Kids get cranky, so do bosses, and it appears arms can as well.
As the Toronto Blue Jays benefited from a day off on Monday ahead of this week's two-game series with the National League Central-leading Milwaukee Brewers – which is to be followed by, wonder of wonders, another off-day – not everyone was relishing the prospect of rest.
"It's crazy, but sometimes your arm doesn't appreciate the off-day. Because we're so used to throwing and throwing, it gets cranky a little bit," Jays relief pitcher Casey Janssen said. "A cranky arm is never fun, but sometimes it's better than a tired arm."
Janssen, who has dealt with arm injuries in the past, said it can sometimes take him a day or two to recover from the muscle and ligament tightness that can result from inactivity.
"Some of my worst days are the day after an off-day, from not doing the throwing motion. For one reason or another, I can't put my finger on why, but that first day of catch is not always my favourite," he said.
Janssen has the perspective of a veteran with long experience in managing his rest and recovery – the value of which is widely underestimated in pro sports, acording to physiologists.
But this is a staff on which younger pitchers have taken key roles. There is disagreement among stats-oriented people on whether the "rookie wall" is a verifiable, quantifiable thing, as tends to happen with most generalizations in sports, but Jays manager John Gibbons says that, in his experience, it exists.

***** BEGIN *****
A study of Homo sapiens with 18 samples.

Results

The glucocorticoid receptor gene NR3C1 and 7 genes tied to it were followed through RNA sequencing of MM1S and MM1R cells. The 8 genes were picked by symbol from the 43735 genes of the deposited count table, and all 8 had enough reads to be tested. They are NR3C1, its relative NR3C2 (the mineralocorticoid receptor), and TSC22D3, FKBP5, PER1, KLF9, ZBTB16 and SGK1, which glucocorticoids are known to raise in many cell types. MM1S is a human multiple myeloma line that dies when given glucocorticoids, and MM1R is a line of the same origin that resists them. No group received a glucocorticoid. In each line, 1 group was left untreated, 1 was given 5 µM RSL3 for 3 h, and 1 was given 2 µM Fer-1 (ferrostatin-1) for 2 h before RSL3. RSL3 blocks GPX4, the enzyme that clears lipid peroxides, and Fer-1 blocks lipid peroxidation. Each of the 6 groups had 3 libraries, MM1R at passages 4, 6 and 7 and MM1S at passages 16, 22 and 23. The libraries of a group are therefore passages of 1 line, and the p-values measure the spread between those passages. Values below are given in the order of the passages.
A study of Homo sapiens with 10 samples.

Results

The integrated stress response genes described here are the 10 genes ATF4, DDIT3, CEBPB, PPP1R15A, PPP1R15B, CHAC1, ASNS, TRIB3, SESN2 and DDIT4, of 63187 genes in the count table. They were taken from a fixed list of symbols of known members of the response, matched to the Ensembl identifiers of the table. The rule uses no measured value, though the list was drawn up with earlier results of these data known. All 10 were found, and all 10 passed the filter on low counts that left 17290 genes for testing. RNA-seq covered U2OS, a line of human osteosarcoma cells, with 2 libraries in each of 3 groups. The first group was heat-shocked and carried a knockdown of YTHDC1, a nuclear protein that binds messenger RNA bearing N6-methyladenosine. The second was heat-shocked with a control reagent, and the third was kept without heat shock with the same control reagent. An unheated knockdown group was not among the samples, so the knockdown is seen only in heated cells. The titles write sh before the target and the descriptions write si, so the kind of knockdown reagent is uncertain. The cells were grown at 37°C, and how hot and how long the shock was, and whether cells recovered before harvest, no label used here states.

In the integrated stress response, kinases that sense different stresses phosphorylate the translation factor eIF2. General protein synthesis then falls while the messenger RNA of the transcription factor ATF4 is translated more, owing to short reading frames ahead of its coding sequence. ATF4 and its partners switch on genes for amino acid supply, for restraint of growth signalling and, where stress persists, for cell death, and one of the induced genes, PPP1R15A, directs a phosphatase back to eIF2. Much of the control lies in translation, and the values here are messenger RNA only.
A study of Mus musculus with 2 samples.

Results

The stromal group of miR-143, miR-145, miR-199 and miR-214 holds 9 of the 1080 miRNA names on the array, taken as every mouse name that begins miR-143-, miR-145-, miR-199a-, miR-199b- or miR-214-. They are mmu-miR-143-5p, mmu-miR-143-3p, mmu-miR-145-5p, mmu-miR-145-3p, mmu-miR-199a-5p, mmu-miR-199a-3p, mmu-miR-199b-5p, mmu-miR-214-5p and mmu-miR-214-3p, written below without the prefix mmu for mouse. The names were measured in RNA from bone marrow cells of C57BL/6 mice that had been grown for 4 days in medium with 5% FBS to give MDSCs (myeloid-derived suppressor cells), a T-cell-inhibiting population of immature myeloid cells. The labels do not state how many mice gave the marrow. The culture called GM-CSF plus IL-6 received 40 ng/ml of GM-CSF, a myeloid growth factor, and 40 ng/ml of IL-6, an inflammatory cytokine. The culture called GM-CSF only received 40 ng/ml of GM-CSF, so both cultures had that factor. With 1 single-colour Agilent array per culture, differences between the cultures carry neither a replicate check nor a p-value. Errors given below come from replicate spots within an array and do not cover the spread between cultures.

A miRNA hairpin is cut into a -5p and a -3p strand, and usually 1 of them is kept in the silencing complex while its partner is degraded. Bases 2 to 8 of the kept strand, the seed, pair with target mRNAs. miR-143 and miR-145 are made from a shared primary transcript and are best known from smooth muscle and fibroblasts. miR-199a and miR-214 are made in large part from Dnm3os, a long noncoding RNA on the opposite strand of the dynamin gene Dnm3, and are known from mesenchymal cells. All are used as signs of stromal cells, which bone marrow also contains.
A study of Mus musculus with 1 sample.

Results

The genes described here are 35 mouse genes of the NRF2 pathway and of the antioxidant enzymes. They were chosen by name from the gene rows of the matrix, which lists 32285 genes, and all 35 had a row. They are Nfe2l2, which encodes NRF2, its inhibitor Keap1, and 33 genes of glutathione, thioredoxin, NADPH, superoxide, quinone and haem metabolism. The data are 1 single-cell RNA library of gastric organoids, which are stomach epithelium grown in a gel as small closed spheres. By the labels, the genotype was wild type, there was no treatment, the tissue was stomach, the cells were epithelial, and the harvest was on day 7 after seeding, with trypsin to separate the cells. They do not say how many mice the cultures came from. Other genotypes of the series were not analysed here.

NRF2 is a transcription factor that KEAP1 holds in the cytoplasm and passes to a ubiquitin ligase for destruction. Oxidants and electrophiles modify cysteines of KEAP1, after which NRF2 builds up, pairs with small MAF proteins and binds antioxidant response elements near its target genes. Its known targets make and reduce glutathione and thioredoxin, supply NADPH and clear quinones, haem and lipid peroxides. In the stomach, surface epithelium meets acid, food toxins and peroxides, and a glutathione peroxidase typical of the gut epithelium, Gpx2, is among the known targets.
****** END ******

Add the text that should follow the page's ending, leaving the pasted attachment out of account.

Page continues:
"The long season catches up with everybody," he said.
There was anecdotal evidence on display this past weekend to support Gibbons's position. Standout Chicago White Sox first baseman Jose Abreu, a first-year player in North America, admitted to USA Today that he's feeling the grind of the major-league season. "You get to a point where you want the season to end," he said. "It's too much."
After clouting a major league-leading 31 home runs through July 29, Abreu hasn't cleared the fence in three weeks. He did drive in three runs last Friday against Toronto, but he was was ineffective on Saturday and Sunday.
So observers wonder whether rookie Jays hurler Marcus Stroman, who was chased after just two-thirds of an inning on Friday, and his young colleague Drew Hutchison, who gave up six runs in the first inning on Sunday and was a pitch or two away from getting lifted, are under similar strain.
Stroman and Hutchison, both 23 years old, insist they feel perfectly fine physically. Their manager, however, sees signs of wear.
"In Hutch's case, he's still a youngster and coming off Tommy John [ligament-replacement surgery], and the big-league season's long – that extra month affects everybody differently," Gibbons said. "With his style of pitching, he's got a little bit of power to him, he's going to get bigger and stronger as he matures. But [the wall] is definitely a real thing."
With two young pitchers on his starting staff and another in his bullpen (top prospect Aaron Sanchez, 22, pitched in back-to-back games this weekend for the first time at the major-league level), Gibbons is mindful of the importance of rest.
Managing fatigue is especially important when it comes to his relievers, who were heavily solicited on the weekend and whose work can take on a disproportionate importance in the playoff chase.
"When you go out there and you're pitching at full strength, you're more successful than when you're pitching tired," said Janssen, the closer and anchor of the bullpen.
The impact of fatigue varies from player to player and arm to arm, and in any case none of the forgoing can be used as a crutch.
"I've lived it, I've done it, I've had some seasons where you're thriving through August and September, and there's other times when you might start hitting a wall," Janssen said. "It sounds like silly stuff, but your rest, what you eat, what you do in the weight room, it all matters … at this point, we're trying to power through."